Home prices have posted double-digit annual gains and homeowners are feeling richer. Those higher prices are also driving an uptick in cash-out refinancing, in which owners are taking out some of the home equity by refinancing.
In 2020, about $185 billion of equity was taken out through cash-out refinances—the highest amount since 2007, according to Fannie Mae and Freddie Mac.
But Fannie Mae’s board of directors chair Sheila Bair warns in a new column at Yahoo! Money that homeowners need to be careful about using cash-out refinances and taking out too much of their home’s equity.
“In many cases, a cash-out refinance makes sense, allowing a family to cover a medical emergency or a longer-term investment such as college tuition or a home renovation,” Bair writes. “But cash-out refinances can also carry risks that every homeowner—and every lender—should consider, especially during times of rapid home price increases such as now.”
After all, home prices can’t rise indefinitely and there’s always a risk with cash-out refinances that home values could fall below the loan’s value.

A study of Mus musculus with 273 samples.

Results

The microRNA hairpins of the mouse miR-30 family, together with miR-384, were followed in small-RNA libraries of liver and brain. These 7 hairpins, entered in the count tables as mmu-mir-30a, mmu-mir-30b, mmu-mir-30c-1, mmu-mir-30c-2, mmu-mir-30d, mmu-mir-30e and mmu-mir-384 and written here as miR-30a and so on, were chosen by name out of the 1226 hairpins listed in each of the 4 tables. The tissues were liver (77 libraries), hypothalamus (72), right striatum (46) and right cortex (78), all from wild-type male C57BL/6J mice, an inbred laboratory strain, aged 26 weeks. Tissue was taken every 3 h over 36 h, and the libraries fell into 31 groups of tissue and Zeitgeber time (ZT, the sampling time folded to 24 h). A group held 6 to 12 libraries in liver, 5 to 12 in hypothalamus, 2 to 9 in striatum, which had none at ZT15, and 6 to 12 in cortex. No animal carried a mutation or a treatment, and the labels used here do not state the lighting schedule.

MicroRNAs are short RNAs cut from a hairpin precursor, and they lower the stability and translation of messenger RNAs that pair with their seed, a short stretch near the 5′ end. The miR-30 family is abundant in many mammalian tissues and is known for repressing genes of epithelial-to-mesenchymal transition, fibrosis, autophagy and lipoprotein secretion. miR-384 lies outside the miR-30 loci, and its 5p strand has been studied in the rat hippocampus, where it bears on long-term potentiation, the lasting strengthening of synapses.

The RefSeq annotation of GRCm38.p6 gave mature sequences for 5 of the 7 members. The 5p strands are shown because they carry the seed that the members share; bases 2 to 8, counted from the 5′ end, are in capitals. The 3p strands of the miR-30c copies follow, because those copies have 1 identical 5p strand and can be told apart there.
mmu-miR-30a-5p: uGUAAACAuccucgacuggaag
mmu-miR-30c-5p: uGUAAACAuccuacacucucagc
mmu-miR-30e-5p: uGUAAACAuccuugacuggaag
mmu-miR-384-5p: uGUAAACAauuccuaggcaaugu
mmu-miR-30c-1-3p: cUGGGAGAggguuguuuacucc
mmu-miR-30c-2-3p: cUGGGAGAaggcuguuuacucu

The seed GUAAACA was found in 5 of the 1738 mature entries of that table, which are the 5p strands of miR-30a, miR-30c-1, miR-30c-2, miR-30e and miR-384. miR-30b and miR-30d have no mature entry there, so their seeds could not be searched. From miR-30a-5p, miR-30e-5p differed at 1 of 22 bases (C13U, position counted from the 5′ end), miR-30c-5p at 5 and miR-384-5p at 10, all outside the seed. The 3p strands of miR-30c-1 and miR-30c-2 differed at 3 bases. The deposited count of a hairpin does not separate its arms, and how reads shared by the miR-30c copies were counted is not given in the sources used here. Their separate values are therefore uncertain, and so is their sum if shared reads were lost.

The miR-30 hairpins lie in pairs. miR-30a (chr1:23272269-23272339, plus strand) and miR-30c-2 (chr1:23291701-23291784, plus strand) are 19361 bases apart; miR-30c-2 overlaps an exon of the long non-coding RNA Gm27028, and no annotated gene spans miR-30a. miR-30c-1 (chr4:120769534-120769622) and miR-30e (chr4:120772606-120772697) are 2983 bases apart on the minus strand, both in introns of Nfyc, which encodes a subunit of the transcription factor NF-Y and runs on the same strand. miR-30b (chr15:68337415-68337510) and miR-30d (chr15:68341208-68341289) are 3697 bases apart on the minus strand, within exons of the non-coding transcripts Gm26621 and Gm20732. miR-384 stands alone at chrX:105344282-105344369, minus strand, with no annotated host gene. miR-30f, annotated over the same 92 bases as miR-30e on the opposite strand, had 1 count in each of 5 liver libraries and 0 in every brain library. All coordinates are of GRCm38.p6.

Stricter lending standards today than preceding the Great Recession are making it more difficult for some homeowners to transact a cash-out refinance. For example, Fannie Mae now requires that cash-out refinance loans be no greater than 80% of the home’s value and at least six months of verified reserves for homeowners whose monthly debt payments are 45% or more of their monthly incomes.
Lenders and homeowners are being more cautious: 36% of 2020 cash-out refinances resulted in a mortgage balance at least 5% greater than the previous balance. From 2005 to 2008, that comprised 78% of refinances.
“The overall picture of today’s cash-out refinance market is one calling for caution, but not alarm,” Bair notes.
Bair urges any homeowners considering a cash-out refinance to recognize the importance of not missing any payments—a missed monthly payment on a cash-out refinance loan could cost them their home—and to be aware that refinancing still costs money. Closing costs could make up 2% to 5% of the loan amount. Also, Fannie Mae and Freddie Mac will not back a cash-out refinance loan with less than 20% equity.
“Homeownership can be one of the most effective ways of building wealth,” Bair writes for Yahoo! Money. “However, entering into a long-term mortgage and building equity requires care and diligence.”